Study of Forensic Testimony and Wrongful Convictions Supports Need for Scientific Reform

Flawed testimony by forensic experts contributed to the conviction of innocent defendants, according to a new study co-authored by University of Virginia Law School professor Brandon Garrett.

The findings of the study are featured in an article, “Invalid Forensic Science Testimony and Wrongful Convictions,” published in the March 2009 issue of the Virginia Law Review


Garrett and Innocence Project co-director Peter Neufeld studied the transcripts of 137 trials in which prosecution forensic analysts testified, and the defendants were years later exonerated by post-conviction DNA testing.

The pair found that in 60 percent of those wrongful conviction cases, forensic analysts gave “invalid  testimony that overstated the evidence,” Garrett said.

“What we mean by ‘invalid’ is simply that the testimony was unscientific or contrary to empirical data,” he said. “Just because a wrong statistic was offered, does not mean that the testimony necessarily caused the wrongful conviction.  However, these powerful examples support efforts to adopt and enforce scientific standards governing forensic reporting and testimony.”

The flawed testimony uncovered by Garrett and Neufeld included erroneous or unsupported testimony about the accuracy and results of forensic techniques including hair comparison, bite-mark comparison, fingerprint comparison and even DNA testing. 

The study originated with a request to Garrett — who conducted previous research on wrongful convictions — from the National Academy of Sciences (NAS) committee examining the needs of the forensic science community, asking him to present at one of the committee’s public hearings.

Garrett and Neufeld then spent more than a year compiling and analyzing trial transcripts from the cases of people later exonerated by DNA evidence.  Several scientists and forensic scientists also reviewed the categories used for analysis and examined transcripts in particular cases. 

The majority of the cases were rape cases from the 1980s, and many included testimony about forensic techniques that are still used today, according to Neufeld, co-director and co-founder of the Innocence Project, a national litigation and public policy organization that uses DNA testing to exonerate wrongfully convicted people and seeks to reform the criminal justice system to prevent injustice.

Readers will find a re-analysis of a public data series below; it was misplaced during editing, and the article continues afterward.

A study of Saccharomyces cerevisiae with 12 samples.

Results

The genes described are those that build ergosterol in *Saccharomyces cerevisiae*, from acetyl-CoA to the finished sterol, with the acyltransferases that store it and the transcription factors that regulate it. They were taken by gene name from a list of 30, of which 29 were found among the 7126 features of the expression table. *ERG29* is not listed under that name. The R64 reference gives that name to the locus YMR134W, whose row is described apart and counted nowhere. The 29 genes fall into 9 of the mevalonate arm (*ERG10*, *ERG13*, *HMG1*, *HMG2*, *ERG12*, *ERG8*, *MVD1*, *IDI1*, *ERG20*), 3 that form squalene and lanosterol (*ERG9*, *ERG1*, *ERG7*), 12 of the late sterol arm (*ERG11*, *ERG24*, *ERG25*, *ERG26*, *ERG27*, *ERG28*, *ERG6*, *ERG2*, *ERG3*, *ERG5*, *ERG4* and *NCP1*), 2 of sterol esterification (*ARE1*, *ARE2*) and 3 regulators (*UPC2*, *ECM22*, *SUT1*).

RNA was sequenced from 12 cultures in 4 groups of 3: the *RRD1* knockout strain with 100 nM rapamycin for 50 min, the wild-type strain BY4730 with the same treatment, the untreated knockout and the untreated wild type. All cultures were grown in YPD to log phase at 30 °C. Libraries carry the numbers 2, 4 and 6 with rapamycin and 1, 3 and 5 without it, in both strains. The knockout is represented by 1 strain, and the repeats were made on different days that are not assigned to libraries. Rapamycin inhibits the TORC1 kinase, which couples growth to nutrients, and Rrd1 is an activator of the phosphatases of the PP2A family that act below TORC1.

The NAS report, “Strengthening Forensic Science in the United States: A Path Forward,” was released in February, and recommends the establishment of a national institute of forensic science, an independent scientific entity to adopt and enforce standards for forensic report writing and testimony.

“With the exception of nuclear DNA analysis . . . no forensic method has been rigorously shown to have the capacity to consistently, and with a high degree of certainty, demonstrate a connection between evidence and a specific individual or source,” the NAS report says.

In their study, Garrett and Neufeld found that forensic analysts often testified that a particular piece of evidence — such as a hair or a fingerprint — was closely connected to the innocent defendant, despite the fact that no scientific data permitted analysts to reach such conclusions.

In one case an analyst told a jury that only 5 percent of the population had a certain type of hair pigment discovered at a crime scene, and that the defendant was among them. But there is no empirical data about the frequency of particular hair pigments, Garrett said.

“These trial transcripts were fascinating to read, because in retrospect we know that all of the defendants were innocent,” he said.  “Yet few have looked at these records.  Even after these wrongful convictions came to light, crime laboratories rarely conducted audits or investigations to review the forensic evidence presented at the trial.”

The study doesn’t speak to the state of mind of analysts; it’s impossible to tell from trial materials whether they were simply inexperienced or poorly supervised or acting in bad faith, Garrett said.

“Nor do we know how many cases involved concealment of forensic evidence,” he said. “In 13 exonerees’ cases it has since come to light that forensic evidence was concealed that would have helped to prove innocence. Similarly, we do not know from reading trial transcripts in how many cases errors were made in the laboratory, although in a few exonerees’ cases in which the underlying evidence was reexamined, gross errors have come to light.”

The study also notes that the criminal justice system is not well-suited to prevent unscientific testimony. Reasons include that the presentation of forensic evidence is almost entirely one-sided, Garrett said.

“Defense counsel rarely cross-examined analysts concerning invalid testimony and rarely retained experts, since courts routinely deny funding for defense experts.”

Only 19 of the eventual exonerees whose cases were examined had defense experts.

“Prosecutors, moreover, presented erroneous accounts of the forensic evidence during closing arguments,” Garrett said.

The study’s authors agree with the NAS report’s assessment that a set of national scientific standards should be established to ensure the valid presentation of forensic analysis. Neufeld called the NAS report “a major breakthrough toward ensuring that so-called scientific evidence in criminal cases is solid, validated and reliable.”